Monday, September 13, 1999 Published at 16:49 GMT 17:49 UK
Business: The Company File
Kwik loss for Somerfield
Somerfield is facing tougher competition in the UK groceries market
Supermarket group Somerfield has seen sales squeezed by the intense competition in the grocery market in the UK.
The company says that with little new business available in the grocery sector, its larger rivals are cutting prices to boost their share.
The squeeze could not have come at a worse time, as Somerfield is still trying to absorb KwikSave, with which it merged two years ago.
Sales at KwikSave, the budget grocery chain, were down particularly sharply since it was taken over by Somerfield.
Chief executive, David Simons, said they had been a victim of circumstances as he announced trading profit during the 16 weeks to 14 August down by £20m on the same period last year.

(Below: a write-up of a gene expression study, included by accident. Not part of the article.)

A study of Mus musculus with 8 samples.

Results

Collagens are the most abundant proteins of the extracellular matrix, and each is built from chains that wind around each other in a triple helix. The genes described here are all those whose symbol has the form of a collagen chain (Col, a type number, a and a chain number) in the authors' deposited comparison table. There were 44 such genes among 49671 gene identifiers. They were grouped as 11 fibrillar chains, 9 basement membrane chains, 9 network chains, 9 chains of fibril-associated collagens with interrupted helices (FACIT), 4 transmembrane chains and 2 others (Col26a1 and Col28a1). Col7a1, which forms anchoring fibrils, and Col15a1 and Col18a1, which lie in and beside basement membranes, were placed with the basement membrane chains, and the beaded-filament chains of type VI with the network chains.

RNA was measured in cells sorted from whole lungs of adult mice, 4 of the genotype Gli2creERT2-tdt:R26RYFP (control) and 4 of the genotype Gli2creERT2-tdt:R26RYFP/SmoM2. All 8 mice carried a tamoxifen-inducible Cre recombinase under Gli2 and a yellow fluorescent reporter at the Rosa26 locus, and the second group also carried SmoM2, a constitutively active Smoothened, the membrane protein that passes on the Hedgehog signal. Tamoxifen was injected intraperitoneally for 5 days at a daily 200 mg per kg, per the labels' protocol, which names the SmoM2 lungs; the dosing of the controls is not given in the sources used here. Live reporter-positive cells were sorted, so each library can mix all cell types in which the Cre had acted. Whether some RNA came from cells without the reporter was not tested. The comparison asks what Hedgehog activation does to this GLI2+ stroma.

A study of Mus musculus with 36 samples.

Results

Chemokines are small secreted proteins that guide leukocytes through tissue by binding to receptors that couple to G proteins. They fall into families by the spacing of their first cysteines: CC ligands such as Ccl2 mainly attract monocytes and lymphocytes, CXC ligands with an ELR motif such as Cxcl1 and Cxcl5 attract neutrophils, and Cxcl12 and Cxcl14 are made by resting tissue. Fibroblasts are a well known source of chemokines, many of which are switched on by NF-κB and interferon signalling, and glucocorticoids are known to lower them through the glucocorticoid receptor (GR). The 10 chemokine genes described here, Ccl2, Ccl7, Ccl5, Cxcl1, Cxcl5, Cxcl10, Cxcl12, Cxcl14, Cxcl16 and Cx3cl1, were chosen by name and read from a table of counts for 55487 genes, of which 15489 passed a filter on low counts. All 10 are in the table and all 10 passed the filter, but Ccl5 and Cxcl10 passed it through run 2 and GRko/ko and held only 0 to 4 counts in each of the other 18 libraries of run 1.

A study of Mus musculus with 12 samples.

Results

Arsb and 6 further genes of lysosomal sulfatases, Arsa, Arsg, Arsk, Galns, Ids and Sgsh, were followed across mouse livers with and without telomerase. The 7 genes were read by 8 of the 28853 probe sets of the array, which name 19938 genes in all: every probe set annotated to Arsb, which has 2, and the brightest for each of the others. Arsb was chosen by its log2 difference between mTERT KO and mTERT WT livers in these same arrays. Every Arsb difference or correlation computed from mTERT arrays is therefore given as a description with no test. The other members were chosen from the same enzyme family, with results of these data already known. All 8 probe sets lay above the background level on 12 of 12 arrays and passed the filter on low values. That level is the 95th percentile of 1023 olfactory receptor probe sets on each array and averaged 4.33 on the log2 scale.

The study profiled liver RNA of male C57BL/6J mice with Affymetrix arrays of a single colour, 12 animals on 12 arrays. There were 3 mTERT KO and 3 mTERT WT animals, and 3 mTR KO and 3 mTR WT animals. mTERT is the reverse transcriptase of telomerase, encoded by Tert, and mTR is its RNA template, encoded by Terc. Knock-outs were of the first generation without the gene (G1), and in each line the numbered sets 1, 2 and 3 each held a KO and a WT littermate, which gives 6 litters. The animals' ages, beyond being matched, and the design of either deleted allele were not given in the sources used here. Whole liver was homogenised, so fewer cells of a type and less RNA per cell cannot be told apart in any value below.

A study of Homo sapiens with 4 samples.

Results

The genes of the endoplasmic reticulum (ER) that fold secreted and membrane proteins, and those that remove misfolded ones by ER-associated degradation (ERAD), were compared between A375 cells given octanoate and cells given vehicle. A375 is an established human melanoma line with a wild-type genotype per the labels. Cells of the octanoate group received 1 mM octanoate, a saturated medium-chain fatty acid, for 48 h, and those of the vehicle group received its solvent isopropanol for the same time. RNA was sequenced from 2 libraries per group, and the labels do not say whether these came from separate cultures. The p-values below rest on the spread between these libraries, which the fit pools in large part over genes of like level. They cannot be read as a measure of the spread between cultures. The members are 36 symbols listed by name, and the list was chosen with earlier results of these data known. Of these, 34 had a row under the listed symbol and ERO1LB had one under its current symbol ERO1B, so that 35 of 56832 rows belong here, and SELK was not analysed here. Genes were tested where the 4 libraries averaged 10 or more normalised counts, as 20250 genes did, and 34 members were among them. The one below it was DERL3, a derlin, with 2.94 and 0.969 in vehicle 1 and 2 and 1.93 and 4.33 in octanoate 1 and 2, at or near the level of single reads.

Total sales fell 5.8% to £1.75bn from £1.86bn.
With increasingly tough competition on pricing and marketing, KwikSave is losing customers to Tesco and Asda.
KwikSave branding poser
The company has been rumoured to have recently been rejected by Safeway as a merger partner.
By the close of trading on Monday Somerfield shares had fallen by 26.5p to 179.5p.
Somerfield said it was taking action to curb the fall in profit but some analysts believe it would not prove to be enough. As part of this move, the parent company is converting 461 of its KwikSave stores into the more successful Somerfield brand.
Like-for-like sales at the KwikSave stores and 28 other non-core shops scheduled for refurbishment fell 10.8%.
However, Somerfield is still stuck with a further 349 KwikSave branches which will keep their former brand name.
Petrol stations brighter
Some analysts believe it would be better for Somerfield to close these 349 stores. Like-for-like sales among these shops fell 12.8% with total sales plunging to £370.1m from £424.9m.
"It's not quite clear when or how things are going to improve," said Ian Macdougall, analyst at Williams De Broe.
Analysts fear that Somerfield will suffer further from tougher competition from Asda, backed by the world's biggest retailer, Wal-Mart Stores, pledging to keep cutting prices.
Among the brighter spots was like-for-like sales at stores which have a sales area of less than 3,000 square feet and include petrol stations. These rose 5.5%.